The small farmhouse abutted a steep hill that was great for sliding in winter and inner tube riding in summer. The hill was topped by a pair of apple and plum trees, which produced amble fruit for canning.
The hill would have been ideal for sliding fun had it not been for the clothesline pole obstacles at its bottom. Mother worried that someone taking a dizzying ride inside a tractor tire inner tube or on a slow-moving scoop shovel would hit a pole. She watched and fretted from the kitchen window while hoping no one suffered bodily harm.
There were other dangers. The creek, which in normal times gently wound its way through the pasture, turned angry after heavy rains. The climb up the 60-foot silo could end with a tragic misstep, and the Holstein bull could turn angry.
Agriculture has always been dangerous for farmers and their families. In the decades before federal government regulations, uncovered gears, chains and takeoffs maimed and killed. Safety, as harvest approaches, is or ought to be a top priority. More than 400 people are killed in farm accidents annually.
The clothesline was not dangerous even when bed sheets and pants froze solid before they dried on the line. The clothesline — as it was to most families at the time — was an essential part of the farmstead. On wash days, which occurred more than once a week, its lines were heavily loaded.
Mother favored an old-fashioned approach, using a washboard to scrub soiled work clothes. The tub where the work was done in years past was where we bathed on those special occasions when it was deemed necessary Easter, Christmas, and weddings.
Because the original house was obsolete, the tub was moved near the wood stove, which heated the water. My sisters bathed first, followed by brothers based on age. My turn was last, at which time the water was black and cold. In and out speed was essential, but the process was slowed by Mother, who inspected and rubbed ears raw.
When my sister married and I was to be part of the wedding, Mother said it was time for a fancy barbershop haircut. Up to that time, she had cut my hair with a hand-powered clippers. The clippers occasionally yanked and scraped but were, for someone who feared slick strangers, much better than a barber shop.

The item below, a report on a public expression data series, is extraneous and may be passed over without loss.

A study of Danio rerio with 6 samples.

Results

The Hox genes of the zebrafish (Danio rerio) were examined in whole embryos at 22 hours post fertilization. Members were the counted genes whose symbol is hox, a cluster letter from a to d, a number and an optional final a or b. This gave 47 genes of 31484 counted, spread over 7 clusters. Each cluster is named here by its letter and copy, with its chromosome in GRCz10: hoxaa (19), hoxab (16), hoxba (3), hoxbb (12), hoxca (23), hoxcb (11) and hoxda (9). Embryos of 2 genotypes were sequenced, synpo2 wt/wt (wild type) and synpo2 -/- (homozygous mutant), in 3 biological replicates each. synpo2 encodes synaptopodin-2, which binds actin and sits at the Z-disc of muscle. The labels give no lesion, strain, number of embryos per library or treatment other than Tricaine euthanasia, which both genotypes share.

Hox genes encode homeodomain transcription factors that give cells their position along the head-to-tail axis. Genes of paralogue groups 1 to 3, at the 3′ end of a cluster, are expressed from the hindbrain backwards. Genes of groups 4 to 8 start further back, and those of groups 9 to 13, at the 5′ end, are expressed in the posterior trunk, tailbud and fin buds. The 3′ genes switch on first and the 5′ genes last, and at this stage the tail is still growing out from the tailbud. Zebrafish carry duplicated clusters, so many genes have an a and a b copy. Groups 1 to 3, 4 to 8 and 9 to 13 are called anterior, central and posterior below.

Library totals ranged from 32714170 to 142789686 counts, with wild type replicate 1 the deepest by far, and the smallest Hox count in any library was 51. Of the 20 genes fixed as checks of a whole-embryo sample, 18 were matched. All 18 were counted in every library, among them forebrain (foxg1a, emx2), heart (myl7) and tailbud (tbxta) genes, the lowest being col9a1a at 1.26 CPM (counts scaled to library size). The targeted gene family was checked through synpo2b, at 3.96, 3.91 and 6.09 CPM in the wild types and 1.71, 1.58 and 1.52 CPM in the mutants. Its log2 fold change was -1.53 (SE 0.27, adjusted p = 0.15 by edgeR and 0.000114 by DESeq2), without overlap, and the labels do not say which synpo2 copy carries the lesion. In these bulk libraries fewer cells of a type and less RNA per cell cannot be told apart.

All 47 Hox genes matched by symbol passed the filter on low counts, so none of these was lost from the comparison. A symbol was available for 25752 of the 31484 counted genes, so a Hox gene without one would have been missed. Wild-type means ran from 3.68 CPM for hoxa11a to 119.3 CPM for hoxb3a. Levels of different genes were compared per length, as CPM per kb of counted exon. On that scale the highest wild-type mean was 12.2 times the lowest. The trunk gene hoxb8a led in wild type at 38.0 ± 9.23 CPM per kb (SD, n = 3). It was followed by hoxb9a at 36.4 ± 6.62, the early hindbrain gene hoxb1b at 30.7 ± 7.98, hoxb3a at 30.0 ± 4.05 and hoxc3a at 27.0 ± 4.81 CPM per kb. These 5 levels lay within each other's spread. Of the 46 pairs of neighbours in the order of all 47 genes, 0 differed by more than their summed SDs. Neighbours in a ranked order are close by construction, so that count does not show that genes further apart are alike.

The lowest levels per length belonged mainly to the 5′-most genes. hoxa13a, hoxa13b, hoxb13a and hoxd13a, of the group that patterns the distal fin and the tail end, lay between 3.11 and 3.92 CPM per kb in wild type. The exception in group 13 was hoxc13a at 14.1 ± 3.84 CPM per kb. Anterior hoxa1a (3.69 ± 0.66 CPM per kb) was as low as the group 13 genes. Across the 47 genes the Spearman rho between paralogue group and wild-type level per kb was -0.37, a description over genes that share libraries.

The barbershop, after all, might be as awful as a dentist appointment. The dentist was a kind old fellow who gave out candy when the work was done, but he used Novocain sparingly. (The fear of dentistry continues, which no doubt stems from bad childhood experiences.)
In any case, Mother worked the old Maytag ringer-washer overtime while lugging heavy clothes baskets up the basement steps. Occasionally, her youngest son reluctantly helped after much pleading. The responsibility seemed beneath me at the time, which on reflection was a serious sin of omission.
Dad insisted that because I was the youngest and Mother needed help, it was my responsibility to provide it. I was much better at bringing clothes in from the line in part because it gave Mother time to make supper.
It also was fun beating braided rugs while the hung on the line. Mother sewed the rungs on the Singer machine, which required plenty of raw material and patience. Dust flew from the rugs as they were beaten, which provided the opportunity for a boy to imagine enemies were vanquished or a homerun hit.
In a bid to save money on haircuts, we purchased a fancy electric clipper that came with several heads. The $18 saved with each haircut would come in handy. When the time came, Kathy said she would not do it for reasons that she would not elaborate on.
“I just don’t want to do it,’’ she said.
The unused clipper is lost somewhere in the distant reaches of the closet.
Mychal Wilmes is the retired managing editor of Agri News. He lives in West Concord, Minn., with his wife, Kathy.